And A Possible One

This post is, in a way, a sequel to my previous one (“Story Without a Moral“). In that post I said that Orbivm is not meant to have any preset philosophical interpretation; still, I thought it might be interesting to examine one “theory” of Orbis Terrarvm philosophy.

This idea is, one might say, that of “anti-Pelagianism”. Now, Pelagianism was an ancient Christian heresy that said humans could save themselves – they did not need God’s grace or the Resurrection (Christ was just setting a good example for the rest of us). How does this apply to Orbivm? Well, since there is no Christ and no Resurrection in Orbivm, then if Pelagianism is not true then mankind cannot be saved, since he cannot save himself. And I think this is backed up by examples from the history of Orbivm (is that a result of my skewing the history to support this interpretation? maybe).

Basically, it’s clear that the residents of Orbivm can be virtuous in different ways. But they cannot save themselves; this is why all heroes of campaigns are in the end flawed. Caius Regilius goes back to the front to fight a battle he knows is hopeless; Alfhelm lets his wife get killed and loses his kingdom; Vaniyera is consumed by his hatred for humanity in a way that eventually leads to his death; Sparxus thinks that he found freedom, but his “freedom” consists of the ability to kill who he wants to. And it goes on.

Basically, in the end, I don’t think any of the heroes of Orbivm campaigns has reached happiness or salvation or anything like that. And if none of the heroes of the campaigns manage it, how could anyone?

Of course, this poses a problem for those who would like to interpret Orbivm in light of Christianity (which of course is the only reason you would be talking in terms of Pelagianism at all)… namely, if the menn of Orbivm cannot save themselves, how are they to be saved? It seems to me there are two possibilities. One, that there is some sort of salvific event late in the history of Orbivm, after all events outlined in the histories. The problem with this is, what could such an event possibly be? Two, that, even if the menn are fallen and there is no salvific event in history, God could still redeem them without any informed consent on their part (their desire to do good being enough). This latter possibility is of course not really Christian, but it might be that a constructed world can’t really be Christian, since it seems stupid to try to write your own version of the Resurrection story (you couldn’t possibly do it justice – I don’t think Aslan really succeeds in Chronicles of Narnia, if you couldn’t tell), and without some form of Crucifixion and Resurrection it’s not really a Christian universe.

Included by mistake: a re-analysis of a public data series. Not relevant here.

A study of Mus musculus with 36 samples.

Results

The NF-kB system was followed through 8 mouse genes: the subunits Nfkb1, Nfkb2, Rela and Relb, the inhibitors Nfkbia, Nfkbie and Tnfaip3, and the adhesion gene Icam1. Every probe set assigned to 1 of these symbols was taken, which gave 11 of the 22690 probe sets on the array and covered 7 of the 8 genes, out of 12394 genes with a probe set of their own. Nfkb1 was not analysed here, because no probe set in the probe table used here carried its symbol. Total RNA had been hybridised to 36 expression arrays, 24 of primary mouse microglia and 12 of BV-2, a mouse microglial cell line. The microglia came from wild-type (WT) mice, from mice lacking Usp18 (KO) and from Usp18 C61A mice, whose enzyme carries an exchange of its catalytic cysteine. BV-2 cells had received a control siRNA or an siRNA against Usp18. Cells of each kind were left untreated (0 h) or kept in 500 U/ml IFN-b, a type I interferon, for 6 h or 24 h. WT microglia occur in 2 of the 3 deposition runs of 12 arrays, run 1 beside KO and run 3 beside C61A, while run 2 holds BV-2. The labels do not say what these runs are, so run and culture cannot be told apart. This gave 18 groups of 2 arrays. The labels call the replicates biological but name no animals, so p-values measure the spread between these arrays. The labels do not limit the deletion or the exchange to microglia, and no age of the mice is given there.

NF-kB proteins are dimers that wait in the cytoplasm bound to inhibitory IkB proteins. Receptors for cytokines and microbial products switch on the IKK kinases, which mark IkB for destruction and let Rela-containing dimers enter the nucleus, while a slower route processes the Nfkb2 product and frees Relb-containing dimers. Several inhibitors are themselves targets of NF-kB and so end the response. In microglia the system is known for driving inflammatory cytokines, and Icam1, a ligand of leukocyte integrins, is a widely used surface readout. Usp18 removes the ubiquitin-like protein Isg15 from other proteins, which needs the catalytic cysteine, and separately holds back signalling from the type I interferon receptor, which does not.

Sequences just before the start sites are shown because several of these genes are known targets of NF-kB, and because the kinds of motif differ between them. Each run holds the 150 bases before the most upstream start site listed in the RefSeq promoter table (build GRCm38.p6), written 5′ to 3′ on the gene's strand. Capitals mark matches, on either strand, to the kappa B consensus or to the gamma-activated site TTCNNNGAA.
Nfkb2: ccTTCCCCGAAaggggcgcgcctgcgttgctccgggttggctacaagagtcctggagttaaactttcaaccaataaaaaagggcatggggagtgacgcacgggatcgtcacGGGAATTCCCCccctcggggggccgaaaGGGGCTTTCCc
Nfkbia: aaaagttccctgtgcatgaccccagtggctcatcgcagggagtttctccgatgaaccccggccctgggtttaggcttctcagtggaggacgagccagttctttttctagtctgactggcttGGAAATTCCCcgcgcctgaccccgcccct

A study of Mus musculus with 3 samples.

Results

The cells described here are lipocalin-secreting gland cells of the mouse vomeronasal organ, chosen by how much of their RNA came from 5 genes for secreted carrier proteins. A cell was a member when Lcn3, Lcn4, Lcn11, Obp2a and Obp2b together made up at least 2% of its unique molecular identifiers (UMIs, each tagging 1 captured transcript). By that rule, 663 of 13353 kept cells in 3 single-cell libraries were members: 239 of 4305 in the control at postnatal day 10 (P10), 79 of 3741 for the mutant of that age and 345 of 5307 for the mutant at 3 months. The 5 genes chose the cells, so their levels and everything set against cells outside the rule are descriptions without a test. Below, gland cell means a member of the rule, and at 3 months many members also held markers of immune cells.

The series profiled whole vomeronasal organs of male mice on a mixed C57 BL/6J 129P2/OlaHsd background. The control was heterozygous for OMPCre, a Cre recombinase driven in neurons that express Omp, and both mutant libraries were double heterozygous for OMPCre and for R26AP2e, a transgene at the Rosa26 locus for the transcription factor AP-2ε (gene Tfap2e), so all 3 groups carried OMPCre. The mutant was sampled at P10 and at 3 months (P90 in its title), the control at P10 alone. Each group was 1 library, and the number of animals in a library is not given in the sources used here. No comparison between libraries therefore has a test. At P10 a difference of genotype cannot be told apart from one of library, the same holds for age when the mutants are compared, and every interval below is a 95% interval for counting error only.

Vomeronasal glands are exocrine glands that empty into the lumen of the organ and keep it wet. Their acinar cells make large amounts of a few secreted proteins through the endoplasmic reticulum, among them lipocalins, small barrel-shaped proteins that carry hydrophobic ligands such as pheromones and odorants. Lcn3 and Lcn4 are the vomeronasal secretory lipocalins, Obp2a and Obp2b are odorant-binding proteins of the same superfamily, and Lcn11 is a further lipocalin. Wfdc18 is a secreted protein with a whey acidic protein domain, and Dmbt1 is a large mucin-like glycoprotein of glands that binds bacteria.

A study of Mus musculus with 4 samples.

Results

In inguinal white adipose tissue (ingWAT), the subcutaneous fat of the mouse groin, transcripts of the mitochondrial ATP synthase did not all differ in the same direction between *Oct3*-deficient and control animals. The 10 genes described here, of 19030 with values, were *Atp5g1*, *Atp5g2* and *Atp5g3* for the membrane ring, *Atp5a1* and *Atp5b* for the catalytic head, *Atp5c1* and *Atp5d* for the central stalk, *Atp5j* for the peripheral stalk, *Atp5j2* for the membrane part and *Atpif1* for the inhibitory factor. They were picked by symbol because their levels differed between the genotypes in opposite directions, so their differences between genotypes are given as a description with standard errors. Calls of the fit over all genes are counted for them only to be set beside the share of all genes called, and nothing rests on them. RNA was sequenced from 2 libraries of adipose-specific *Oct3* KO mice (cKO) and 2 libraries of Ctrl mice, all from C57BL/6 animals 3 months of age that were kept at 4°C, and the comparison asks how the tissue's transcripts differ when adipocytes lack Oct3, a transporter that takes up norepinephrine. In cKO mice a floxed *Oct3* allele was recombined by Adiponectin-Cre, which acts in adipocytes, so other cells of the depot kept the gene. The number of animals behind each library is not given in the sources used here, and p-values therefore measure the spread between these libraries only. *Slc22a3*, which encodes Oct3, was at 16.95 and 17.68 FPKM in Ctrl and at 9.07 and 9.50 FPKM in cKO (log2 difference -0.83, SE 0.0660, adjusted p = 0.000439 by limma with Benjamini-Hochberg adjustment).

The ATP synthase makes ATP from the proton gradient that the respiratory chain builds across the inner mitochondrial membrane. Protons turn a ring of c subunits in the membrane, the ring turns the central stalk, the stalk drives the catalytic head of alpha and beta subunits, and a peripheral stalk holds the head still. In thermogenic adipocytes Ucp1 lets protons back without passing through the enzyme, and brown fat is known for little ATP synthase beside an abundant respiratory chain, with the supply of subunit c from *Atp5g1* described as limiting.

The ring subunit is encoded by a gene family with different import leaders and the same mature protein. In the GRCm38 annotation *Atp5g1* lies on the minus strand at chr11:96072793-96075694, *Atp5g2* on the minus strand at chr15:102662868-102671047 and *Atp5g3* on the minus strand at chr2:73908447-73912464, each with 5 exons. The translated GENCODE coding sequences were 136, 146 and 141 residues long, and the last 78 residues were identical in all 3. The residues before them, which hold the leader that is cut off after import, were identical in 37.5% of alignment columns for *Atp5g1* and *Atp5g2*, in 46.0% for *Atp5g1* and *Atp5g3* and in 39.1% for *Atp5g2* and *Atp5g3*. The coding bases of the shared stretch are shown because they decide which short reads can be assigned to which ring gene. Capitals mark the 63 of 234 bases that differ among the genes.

Which means, I suppose, that it’s not really a possible universe. Oh well. I guess the best we can do is to stay somewhat vague on the idea to make sure it’s not explicitly non-Christian, even if it’s not explicitly Christian. Which is what we’re doing so far.


  1. Mars says:

    Another possible conclusion, for those who aren’t Christians, is that this is pretty good description of the human condition in our universe. Setting aside the question of truth (“Leave the ultimate to the ultimate” – Spinoza), your view on Orbium’s metanarrative coincides with mine. For poetical reasons mostly, I favor the pessimistic view of the hero’s chance of success, or rather: the tragic view. Invented by pagan Greeks (and perhaps independently in other countries, I don’t know), tragedy has been appreciated by Christians, religious people of all creeds, agnostics and atheists.

    There’s a good anecdote on Pelagianism in one of Gore Vidal’s books (I can’t remember which one, so this is from memory). It takes place in a club, one of the posh ones with leather seats and butlers. Vidal is sitting with an Anglican bishop when a well-known socialist MP passes by. Calmly, the bishop extends his leg, tripping up the MP, who turns around angrily: “Why did you do THAT?” Still calm, the bishop answers: “Filthy Pelagian!”